I love a long solo drive to the mountains.
I have trouble relaxing at home. There are always things I should be doing. Big things, little things, I feel like I don’t deserve to straight chill knowing that they remain to be done. And the list of things never ends.
Maybe I like these long solo drives so much because I’m not supposed to be doing anything other than driving. There’s nothing to clean, organize, or accomplish except to pass the time while getting from point A to point B.
What exactly do I love about these drives?
An empty passenger seat can be a luxury. It’s nice to be able to lay things out on it instead of on the dash or in the back. I can crumple my Dunkin Donuts bag and throw it on the floor. I’m not bumping elbows with anyone, or smelling their farts.
In the trunk, I’ve got my gear – mine. Nothing sticking up to block the rear view. Things aren’t crammed in, crushing my camera or my food.
Having everything laid out the way I want it allows me to free my mildly OCD mind and appreciate…
The weather always affects the mood on a long drive, especially when I’ll eventually be outside in it. This is magnified tremendously when I’m alone.
Sun and blue skies, cool dry air coming in the windows – I feel like I’m already on a summit. Consider the similarities between flying down a highway and standing on a peak – a strong wind blows, you’re essentially cut off from the world, and you can’t stay where you currently are. On the highway or the mountain, you’re not done until you’re off of it. Days when a drive feels anything like standing on a summit are good days.
Just like when I’m taking photos, I often prefer a cloudy sky on a long solo drive. The destination is out there, hours away, lurking in the fog. Will the weather get worse as I get closer? Will I even get to start my hike? Will I finish it?
The less than perfect weather days are also great times for thinking about the tough stuff. Family issues, problems with friends or relationships, and that kind of thing. I feel like meditating on something troubling for a few hours in the car followed by challenging myself physically immediately afterward does a lot of good for anything that’s troubling me.
The weather is also a big factor when it comes to choosing…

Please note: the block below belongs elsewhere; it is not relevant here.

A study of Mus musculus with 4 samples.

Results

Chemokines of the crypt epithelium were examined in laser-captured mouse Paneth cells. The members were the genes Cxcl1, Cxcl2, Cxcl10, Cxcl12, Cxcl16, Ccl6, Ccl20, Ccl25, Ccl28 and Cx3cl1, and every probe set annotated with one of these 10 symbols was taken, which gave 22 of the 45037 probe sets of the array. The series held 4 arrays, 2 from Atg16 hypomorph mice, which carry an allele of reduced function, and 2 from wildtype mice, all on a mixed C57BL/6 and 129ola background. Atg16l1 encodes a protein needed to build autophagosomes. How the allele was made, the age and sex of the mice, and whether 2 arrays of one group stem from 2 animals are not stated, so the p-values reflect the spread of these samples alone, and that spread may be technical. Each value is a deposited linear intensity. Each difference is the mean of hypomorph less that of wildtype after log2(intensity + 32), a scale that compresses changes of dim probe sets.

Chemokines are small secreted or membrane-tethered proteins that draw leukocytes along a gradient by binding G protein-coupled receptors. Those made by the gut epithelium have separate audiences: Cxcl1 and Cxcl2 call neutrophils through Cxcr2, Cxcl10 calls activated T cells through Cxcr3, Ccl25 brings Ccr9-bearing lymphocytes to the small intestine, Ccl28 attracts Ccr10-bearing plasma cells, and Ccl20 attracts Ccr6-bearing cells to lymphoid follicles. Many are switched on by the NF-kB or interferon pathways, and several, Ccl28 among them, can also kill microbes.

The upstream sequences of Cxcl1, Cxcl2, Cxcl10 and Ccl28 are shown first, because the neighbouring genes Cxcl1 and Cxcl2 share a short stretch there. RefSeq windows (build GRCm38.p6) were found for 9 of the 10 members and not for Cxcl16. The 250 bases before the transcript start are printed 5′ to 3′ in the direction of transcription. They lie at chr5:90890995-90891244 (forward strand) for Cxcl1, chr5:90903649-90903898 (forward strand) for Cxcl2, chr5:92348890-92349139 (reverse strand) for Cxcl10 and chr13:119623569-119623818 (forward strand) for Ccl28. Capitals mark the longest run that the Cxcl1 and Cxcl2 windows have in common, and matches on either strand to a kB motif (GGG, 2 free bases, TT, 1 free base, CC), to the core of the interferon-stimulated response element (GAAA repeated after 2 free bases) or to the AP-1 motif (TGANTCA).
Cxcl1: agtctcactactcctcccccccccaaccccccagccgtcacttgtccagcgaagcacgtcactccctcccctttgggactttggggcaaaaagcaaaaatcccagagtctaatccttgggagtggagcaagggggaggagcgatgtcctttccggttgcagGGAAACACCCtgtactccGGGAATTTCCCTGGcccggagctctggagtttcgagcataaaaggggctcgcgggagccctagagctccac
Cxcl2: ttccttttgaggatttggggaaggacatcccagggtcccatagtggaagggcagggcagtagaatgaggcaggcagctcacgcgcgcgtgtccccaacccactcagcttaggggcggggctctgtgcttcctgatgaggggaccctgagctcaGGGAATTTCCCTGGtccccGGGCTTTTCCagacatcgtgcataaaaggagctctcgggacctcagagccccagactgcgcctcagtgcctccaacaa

My Mountain Drive playlist gets the most airtime in fair weather. It’s been my standard for a long time, and has remained largely the same since it’s last major overhaul a few years ago. It’s mostly upbeat, energetic stuff, but it contains its share of the slow and the weird to break up the flow.
Included with over 100 other songs that remind me of being outside are my core mountain themes. A few…
- End Credits – John Williams (this is the Jurassic Park theme)
- Punching in a Dream – The Naked and Famous
- Know Your Onion! – The Shins (and a handful more Shins songs)
- Africa – Toto (I know, I know… but I actually do miss the rains down in Africa)
- The Legend of Zelda – London Philharmonic Orchestra & Andrew Skeet (same class as JP theme – maybe better)
And you’ll find a lot of stuff from Gorillaz, Modest Mouse, Bright Eyes and more.
It’s not as lame as it looks written out like this.
When the weather is making me moody, I tend to slow it down. Rome, by Danger Mouse & Daniele Luppi has been playing a lot in these situations. It’s short – I run through it a few times in a row. It’s been Morcheeba and others before, and will be something else in a few weeks. This stuff changes more – it’s not in the playlist for a reason.
Weather doesn’t always determine my music – I can listen to songs I’d be embarrassed to play with someone else in the car. Maybe my voice is scratchy the day after a hike because I’ve been sucking down cold, wild mountain air. Maybe it’s because I was yelling along with Taylor Swift to stay awake. Who knows?
Knowin’ Where You’re Goin’ (or Not)
The control over the layout of the car and lack of anything to do, the effects of the weather, and the extra push in the desired mental direction provided by the musical selection make for some good mountain thinking.
They all combine to frame the mind’s picture of the destination. Sometimes that frame overpowers instead of compliments the picture. Sometimes it’s almost invisible – but never completely.
As the odometer climbs, the anticipation builds. Maybe it’s for an easy stroll in the woods, or it could be for an epic adventure. Somewhere familiar. Somewhere new. Maybe there will be people where you’re going, maybe there won’t. Positive energy, anxiety, or both.
Whatever it is, all it can do is intensify until the drive is over.
Tip: if things get too intense, you might have to pee really bad and just don’t realize it yet.